We took a vacation; my doctors advised that we take a vacation after the surgery.
I brought my own pillow, the hard foam kind with two curves. You brought handwritten recipes for cocktails. We both brought stacks of books. Your mother slipped some in, books with the words “dysphoria” and “gender-variant” in their titles. The books were a show of support.
Our love had been oscillating—what I mean to say is that we got better and worse at it. It has something to do with what your voice does to me. Not your words. Your voice.
The day before we came here, the doctor removed the drains from my chest. The pain had been relatable before then, like a torn muscle. After the drains were out, after he declared my healing “amenable,” the pain was a thing both present and absent, like a glimpse.
We stayed in the bungalow for three weeks. You walked around laughing and saying the word: bungalow. You wore old shorts that were very short and had a white stripe up the side. They were worn thin—I could feel an old scar on your thigh the same as if your shorts were off.
From the house we saw Lake Huron. What I mean to say is that the windows were so huge we couldn’t help seeing the lake. We couldn’t help seeing the beach. Even when it got cloudy you were down there, sprawled out in a lounger. The label, when we bought it, claimed that the lounger was “endlessly adjustable.”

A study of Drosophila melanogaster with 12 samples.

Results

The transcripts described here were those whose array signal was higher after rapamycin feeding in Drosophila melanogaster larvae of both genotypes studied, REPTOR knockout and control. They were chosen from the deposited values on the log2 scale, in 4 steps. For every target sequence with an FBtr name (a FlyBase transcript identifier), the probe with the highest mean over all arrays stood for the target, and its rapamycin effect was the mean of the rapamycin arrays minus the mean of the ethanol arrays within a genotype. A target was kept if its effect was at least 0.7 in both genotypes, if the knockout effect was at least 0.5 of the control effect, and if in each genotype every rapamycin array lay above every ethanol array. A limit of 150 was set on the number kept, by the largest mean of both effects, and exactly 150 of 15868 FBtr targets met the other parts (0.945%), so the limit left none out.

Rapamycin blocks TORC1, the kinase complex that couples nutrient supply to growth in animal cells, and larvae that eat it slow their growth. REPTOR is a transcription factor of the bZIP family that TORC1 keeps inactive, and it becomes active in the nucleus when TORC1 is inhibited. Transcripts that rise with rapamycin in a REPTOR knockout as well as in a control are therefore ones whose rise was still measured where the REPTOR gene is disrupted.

We saw no sign of trouble out in the water.
We spent the first week feeling like everything was borrowed—we ate with unfamiliar silverware, spooned food around on scratched plastic plates. It took a while to get the couch feeling like a couch. You found a collection of long hairs that had been painted into a dark red wall.
Then came the second week. You found her body first. What I mean is that you were the first to hear her out there, coughing up water and sand. I was asleep when she arrived—I was still a little asleep when I made it down to the waterline. You leaned over her and your old lifeguard training kicked in: do not bend your neck; keep calm; cough it up. You told me to go get a towel. You said, can’t you see she’s shivering?
In my haze of sleep, for just a moment, I couldn’t tell you apart.
I carried her inside and draped some of my clothes over her. You said she looked ridiculous covered in fleece. The woman said nothing, just kept coughing. You said, doesn’t she look like you.
That’s when she coughed up the book.
The book was a hymnal. She died just after it passed through her lips—they were stretched horizontal.
The police came, the coroner came. They had no interest in keeping the lung-lodged volume. They just took the body. They just talked about all the other drowned girls, all the other books. The evidence room was approaching a library, they said.
During the third week it rained hard and I found you often out on the beach in the rain. When you came in, after I called for you, you were warm. How do you do that, I asked. How do you stay so warm.
The pages dried out. We spent the last day there singing songs from the hymnal. They weren’t in our language so we improvised the pronunciation. Your voice was limited in range but the notes you could hold were beautiful. Mine had gained gravel and depth. Sometimes you’d stop singing and just watch my face and the voice coming through it.
We got better and worse at love.
I still can’t explain it.
William VanDenBerg’s chapbook of stories, Bodies and Homes, is forthcoming from Caketrain Press. His work has or will soon appear in Juked, Pear Noir, Hobart (web), and others. He lives with his wife in Denver.